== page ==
There is an abundance of information, good and bad, about SEO online and I feel some bloggers may feel overwhelmed and do not understand entirely what they need to do to give their blog the best possible chance of being found online.
The page title is the first line seen in the search results. For example here is a snippet of how my home page title appears within Google search results:
You’ll notice relevant phrases and keywords are used in the title to give the reader and search engines a clear understanding of what this page is about. Anyone seeing the site for the first time in search results will understand that it’s a blog featuring a Lifestyle category by the title.
It’s important to have a unique page title for each page, as each page provides different content.
Page titles are still an important ranking factor, so use high volume keywords when populating your titles. Titles should not be longer than 512px in width. A good way to measure this is create a column within Excel measuring 512px wide with an Arial font in the size of 13.5pt. If your page title fits within these parameters it will not be cut off when displayed in the search results.
Meta descriptions give you the opportunity to convince readers why they should click into your page as apposed to a competitor when they search in Google.
Unlike the page titles, meta descriptions do not have a direct influence on rankings, but they do influence click-through-rates by bolding text based on a users query. For example if I search Fashion and Lifestyle blog this is how my meta description appears within Google (notice Fashion and Lifestyle keywords are bolded):
Meta descriptions are based on character lengths and should be between 150-160 characters. It’s a good idea to have a call to action in your meta description, for example if you have an eBook to download state it in your description ‘download your free eBook today’ – or something along these lines.
Action: In Google type Site:yoursite.com For example I would type Site:emiliarossi.com.au to see a list of every page of my site. Scroll through your results and review if your page titles are descriptive and relevant enough. Also review your meta descriptions to make they are not too long and that a call to action in included to entice the user to want to click into that page to find out more.
There are three important steps to consider when optimising images.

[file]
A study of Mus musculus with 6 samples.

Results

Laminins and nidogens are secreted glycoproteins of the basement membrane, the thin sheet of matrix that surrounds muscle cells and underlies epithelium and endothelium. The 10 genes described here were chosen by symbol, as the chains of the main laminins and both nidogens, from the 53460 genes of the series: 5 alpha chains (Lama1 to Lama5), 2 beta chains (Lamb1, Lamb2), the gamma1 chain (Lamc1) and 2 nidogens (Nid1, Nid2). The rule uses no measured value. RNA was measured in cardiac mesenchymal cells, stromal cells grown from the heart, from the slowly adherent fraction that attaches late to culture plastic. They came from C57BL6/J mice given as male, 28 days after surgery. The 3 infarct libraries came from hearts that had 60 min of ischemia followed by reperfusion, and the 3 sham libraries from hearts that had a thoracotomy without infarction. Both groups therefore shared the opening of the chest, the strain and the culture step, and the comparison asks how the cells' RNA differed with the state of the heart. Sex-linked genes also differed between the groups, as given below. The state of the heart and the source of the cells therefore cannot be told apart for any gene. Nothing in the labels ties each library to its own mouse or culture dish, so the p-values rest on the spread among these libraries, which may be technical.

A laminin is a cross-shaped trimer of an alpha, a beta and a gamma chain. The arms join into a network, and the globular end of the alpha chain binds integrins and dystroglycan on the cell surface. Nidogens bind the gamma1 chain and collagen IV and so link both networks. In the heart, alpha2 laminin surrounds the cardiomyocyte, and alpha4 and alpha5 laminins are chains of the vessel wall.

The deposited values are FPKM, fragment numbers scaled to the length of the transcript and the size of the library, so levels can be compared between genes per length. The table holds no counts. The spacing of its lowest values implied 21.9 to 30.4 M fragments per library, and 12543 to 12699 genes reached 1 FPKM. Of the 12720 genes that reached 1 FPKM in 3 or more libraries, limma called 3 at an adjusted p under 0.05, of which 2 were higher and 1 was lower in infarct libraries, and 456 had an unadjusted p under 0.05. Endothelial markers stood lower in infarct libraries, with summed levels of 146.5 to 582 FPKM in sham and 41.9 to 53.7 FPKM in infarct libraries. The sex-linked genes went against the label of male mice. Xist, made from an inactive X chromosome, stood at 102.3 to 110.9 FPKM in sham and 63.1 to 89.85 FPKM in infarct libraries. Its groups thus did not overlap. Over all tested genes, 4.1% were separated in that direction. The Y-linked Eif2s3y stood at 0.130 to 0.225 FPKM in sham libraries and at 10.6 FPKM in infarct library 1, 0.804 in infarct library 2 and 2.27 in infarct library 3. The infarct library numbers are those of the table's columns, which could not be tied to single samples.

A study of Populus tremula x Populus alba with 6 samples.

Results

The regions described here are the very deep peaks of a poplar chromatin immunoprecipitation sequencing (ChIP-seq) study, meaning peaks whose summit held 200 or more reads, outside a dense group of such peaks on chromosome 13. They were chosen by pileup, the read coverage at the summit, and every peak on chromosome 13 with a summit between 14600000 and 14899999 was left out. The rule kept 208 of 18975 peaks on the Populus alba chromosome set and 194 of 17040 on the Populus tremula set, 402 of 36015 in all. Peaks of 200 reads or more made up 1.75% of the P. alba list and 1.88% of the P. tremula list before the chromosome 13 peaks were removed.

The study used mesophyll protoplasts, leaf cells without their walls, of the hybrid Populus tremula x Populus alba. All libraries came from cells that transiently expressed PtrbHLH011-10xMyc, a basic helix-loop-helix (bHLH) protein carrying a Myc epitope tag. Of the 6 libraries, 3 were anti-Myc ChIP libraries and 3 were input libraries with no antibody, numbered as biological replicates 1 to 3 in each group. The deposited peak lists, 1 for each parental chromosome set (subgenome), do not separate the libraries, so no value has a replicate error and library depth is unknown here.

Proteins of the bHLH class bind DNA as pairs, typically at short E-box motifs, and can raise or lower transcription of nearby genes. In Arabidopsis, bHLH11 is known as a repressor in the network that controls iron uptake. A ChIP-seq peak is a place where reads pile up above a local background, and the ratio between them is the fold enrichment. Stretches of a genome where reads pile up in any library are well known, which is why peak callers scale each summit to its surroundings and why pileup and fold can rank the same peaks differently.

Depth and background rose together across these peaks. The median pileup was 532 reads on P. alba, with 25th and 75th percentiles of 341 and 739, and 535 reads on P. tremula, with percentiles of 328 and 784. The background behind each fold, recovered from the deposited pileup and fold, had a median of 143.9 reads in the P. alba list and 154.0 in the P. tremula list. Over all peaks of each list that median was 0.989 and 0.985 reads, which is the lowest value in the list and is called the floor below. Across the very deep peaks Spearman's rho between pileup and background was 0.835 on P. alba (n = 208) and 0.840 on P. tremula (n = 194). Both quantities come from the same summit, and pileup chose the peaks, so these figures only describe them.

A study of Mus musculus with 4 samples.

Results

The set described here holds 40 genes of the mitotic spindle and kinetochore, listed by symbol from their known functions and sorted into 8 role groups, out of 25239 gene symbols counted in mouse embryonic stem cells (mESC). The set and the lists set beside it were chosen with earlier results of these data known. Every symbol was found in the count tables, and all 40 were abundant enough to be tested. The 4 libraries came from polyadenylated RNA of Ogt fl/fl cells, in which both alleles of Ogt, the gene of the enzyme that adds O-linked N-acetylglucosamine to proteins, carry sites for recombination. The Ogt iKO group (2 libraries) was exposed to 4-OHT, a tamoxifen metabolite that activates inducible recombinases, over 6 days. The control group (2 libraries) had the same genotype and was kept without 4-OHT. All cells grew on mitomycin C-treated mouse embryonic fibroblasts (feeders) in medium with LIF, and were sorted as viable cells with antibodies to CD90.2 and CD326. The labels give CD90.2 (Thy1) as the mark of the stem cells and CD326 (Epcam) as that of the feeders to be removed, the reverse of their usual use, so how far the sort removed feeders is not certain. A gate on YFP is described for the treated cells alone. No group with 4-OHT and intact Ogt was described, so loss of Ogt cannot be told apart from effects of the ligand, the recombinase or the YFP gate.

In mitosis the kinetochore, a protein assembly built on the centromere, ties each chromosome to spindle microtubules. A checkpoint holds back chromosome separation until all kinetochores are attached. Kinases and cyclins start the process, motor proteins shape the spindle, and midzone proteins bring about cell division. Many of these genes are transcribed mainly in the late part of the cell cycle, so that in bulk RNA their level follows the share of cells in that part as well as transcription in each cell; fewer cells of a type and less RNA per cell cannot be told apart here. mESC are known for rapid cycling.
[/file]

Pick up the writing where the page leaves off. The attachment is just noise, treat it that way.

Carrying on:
Step 1: Image file sizes should be as small as possible. Google takes page speed into account as part of its ranking algorithm, which is important across mobile devices. This means that you shouldn’t make users download a 2mb banner image when you can close enough image quality at 100kb – remember users are not printing these images they are viewing them on a screen.
Step 2: Include an alternative text (Alt Text) for each image. The Alt Text descries what the image is to search engines and to visually impaired readers. Therefore, make sure the name your images appropriately.
Step 3: Creating descriptive, keyword-rich image file names help images rank in search engines. Search engines not only crawls blog text it also searches for keywords within your image file names.
Internal linking is not a just good way to cross promote blog posts; it also provides a signal to search engines to priorities these pages when people are searching for them in Google.
Most CMS’s provide various ways to link to old posts either through a side bar menu or widgets at the bottom of each post. Get in the habit of providing in context links within your posts to relevant articles. For example if you post is about beauty apps you might link to an older post you wrote that relates to the beauty apps post. Make sure the phrase you hyperlink uses relevant text such as ‘see my last post on beauty apps’ and have the words ‘beauty apps’ hyperlinked as apposed to ‘click here to read a previous post’.
Using relevant keywords within hyperlinks helps search engines better understand what that page is about and improves its ranking potential.
Action: Review posts to see if they cross promote other relevant posts and start being mindful trying to reference old posts when you write new articles.
From an SEO perspective backlinks is any link from an external site, which links to your site. Google algorithm was actually founded on the basis of backlinks, similar to how a great essay has an extensive list of references, a great website would have an extensive list of quality backlinks.
If you don’t already know, people are being penalised for buying links because it’s an attempt to directly manipulate the way Google was intended to work.
The quality of your backlinks makes a difference. One good link from a reputable site such as a popular news site boosts your ranking a lot more then having a lot of crappy links. The best way to build quality backlinks is to write engaging quality content that adds value and that people would want to link to and share with an audience.
Google’s Keyword Planner tool sits within Adwords and is free to use as as long as you sign up. The tool provides data on how many times people times search for something within Google.
The tool tells you what sort of demand is out there for topics before you write them. For example, if your post is about Top Apps for Ipads you would be better off titling the post “Best iPad Apps” instead of “Top iPad Apps”. The reason being is because the former has 1300 people searching for it in Australia per month compared to other variation, which only has 170 people searching for it in Australia.
But don’t stress too much, the most important thing as a blogger is to have great content and title tags can always be added based on keyword research at a latter stage.
I hope these tips give you a better insights on how to write better for SEO ad hopefully increase the number of organic visits to your blog!
Have something to add to this story? Share it in the comments.